The HNBA Celebrates the Life of HNBA Founding Member Donato Tapia


In 1972, Donato Tapia, Hon. Cruz Reynoso, Hon. Lorenzo Arredondo, Baltazar Baca, Prof. Miguel A. Méndez, Hon. Louis García, and the Hon. Mario G. Obledo, among others, founded the HNBA. They believed in the need for a national organization of Hispanic lawyers to help define and protect the legal interests of the Hispanic community. All who knew Donato were aware of his deep commitment to civil rights, as was amply evidenced by his work with the United Farm Workers, MALDEF, the EEOC in Washington DC and San Francisco, and the US Department of Education.  Donato also served as a San Francisco police officer and a labor union organizer with the Agricultural Workers Organizing Committee (AWOC-UFW), and the AFL-CIO and, most recently, as a federal investigator with the Department of Education, Office for Civil Rights.

Donato devoted thousands of hours for over 40 years to promote the work of the HNBA. He was very proud of his participation in the HNBA, telling members at the 2012 HNBA Annual Convention, where the HNBA celebrated its 40th Anniversary and honored its founding members, that the HNBA had brought joy to his corazón for its accomplishments and dedicated leadership and membership. Donato was not concerned about the future of the HNBA because he was confident that its membership and leadership provided a strong, enduring foundation.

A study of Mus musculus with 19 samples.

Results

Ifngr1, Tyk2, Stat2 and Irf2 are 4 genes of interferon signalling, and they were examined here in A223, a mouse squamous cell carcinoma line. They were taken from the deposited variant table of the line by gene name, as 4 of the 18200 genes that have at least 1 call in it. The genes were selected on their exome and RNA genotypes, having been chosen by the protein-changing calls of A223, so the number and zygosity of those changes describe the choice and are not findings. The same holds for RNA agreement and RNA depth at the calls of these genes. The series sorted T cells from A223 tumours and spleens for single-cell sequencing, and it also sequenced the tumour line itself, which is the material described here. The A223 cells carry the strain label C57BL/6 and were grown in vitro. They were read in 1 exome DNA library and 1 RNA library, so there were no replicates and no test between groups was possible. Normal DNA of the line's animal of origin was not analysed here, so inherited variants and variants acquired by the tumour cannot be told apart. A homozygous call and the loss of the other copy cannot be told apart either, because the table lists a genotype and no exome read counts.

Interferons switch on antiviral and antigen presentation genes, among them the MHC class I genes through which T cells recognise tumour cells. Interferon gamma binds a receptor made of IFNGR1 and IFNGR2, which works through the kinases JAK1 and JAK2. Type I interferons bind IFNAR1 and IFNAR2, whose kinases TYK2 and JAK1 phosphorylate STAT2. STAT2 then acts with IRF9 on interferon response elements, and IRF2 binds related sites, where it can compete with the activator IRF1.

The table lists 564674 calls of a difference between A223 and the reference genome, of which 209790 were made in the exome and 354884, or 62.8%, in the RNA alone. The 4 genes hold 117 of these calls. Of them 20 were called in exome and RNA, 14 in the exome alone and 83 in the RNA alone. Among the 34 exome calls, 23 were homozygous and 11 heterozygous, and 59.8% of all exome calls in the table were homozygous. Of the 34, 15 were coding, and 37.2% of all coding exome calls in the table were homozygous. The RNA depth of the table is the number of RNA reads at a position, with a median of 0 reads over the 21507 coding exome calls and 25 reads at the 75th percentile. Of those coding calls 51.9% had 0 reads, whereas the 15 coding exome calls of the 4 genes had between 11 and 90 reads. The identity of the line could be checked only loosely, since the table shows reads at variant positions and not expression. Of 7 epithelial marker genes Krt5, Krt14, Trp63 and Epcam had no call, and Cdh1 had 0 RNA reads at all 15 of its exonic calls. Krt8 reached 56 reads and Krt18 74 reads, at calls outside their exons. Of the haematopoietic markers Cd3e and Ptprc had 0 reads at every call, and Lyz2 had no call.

In his over 40 years of US government service, Donato helped countless members of the Hispanic community. While at the EEOC, he worked on cases finding that San Francisco canneries discriminated against Hispanics, women and African-Americans. At the US Department of Education he negotiated a large number of major settlements giving Hispanics access to bilingual education and other educational opportunities. Donato also served on a fact-finding team that traveled throughout California gathering information to deliver recommendations to the Obama White House on Hispanic education in the United States.

Donato earned his law degree from University of San Francisco in 1972. While in law school, he and fellow student, Lorenzo Arredondo, co-authored a law review article on Hernandez v. Texas, a 1954 decision in which the U.S. Supreme Court unanimously reversed a Mexican-American’s murder conviction on the ground that the systematic exclusion of Hispanics from his jury violated his right to equal protection of the laws. Hernandez was the first U.S. Supreme Court case recognizing a distinctive Hispanic group as entitled to protection under the Equal Protection Clause of the 14th Amendment. Donato also helped organize a sit-in demonstration at the law school to increase the number of minority students. The sit-in was successful, and fifteen minority students were admitted in the fall of 1971. Donato administered MALDEF’s scholarship fund from 1970-1972 while still a law student.

He is survived by his children María, Cándida, and Bernardo, his grandchildren Weston, Dominic, Ché Joaquín and Antonio, and his companion, Melchor.

He will be sorely missed by all whose lives he touched.  And the HNBA is proud to build on his great legacy.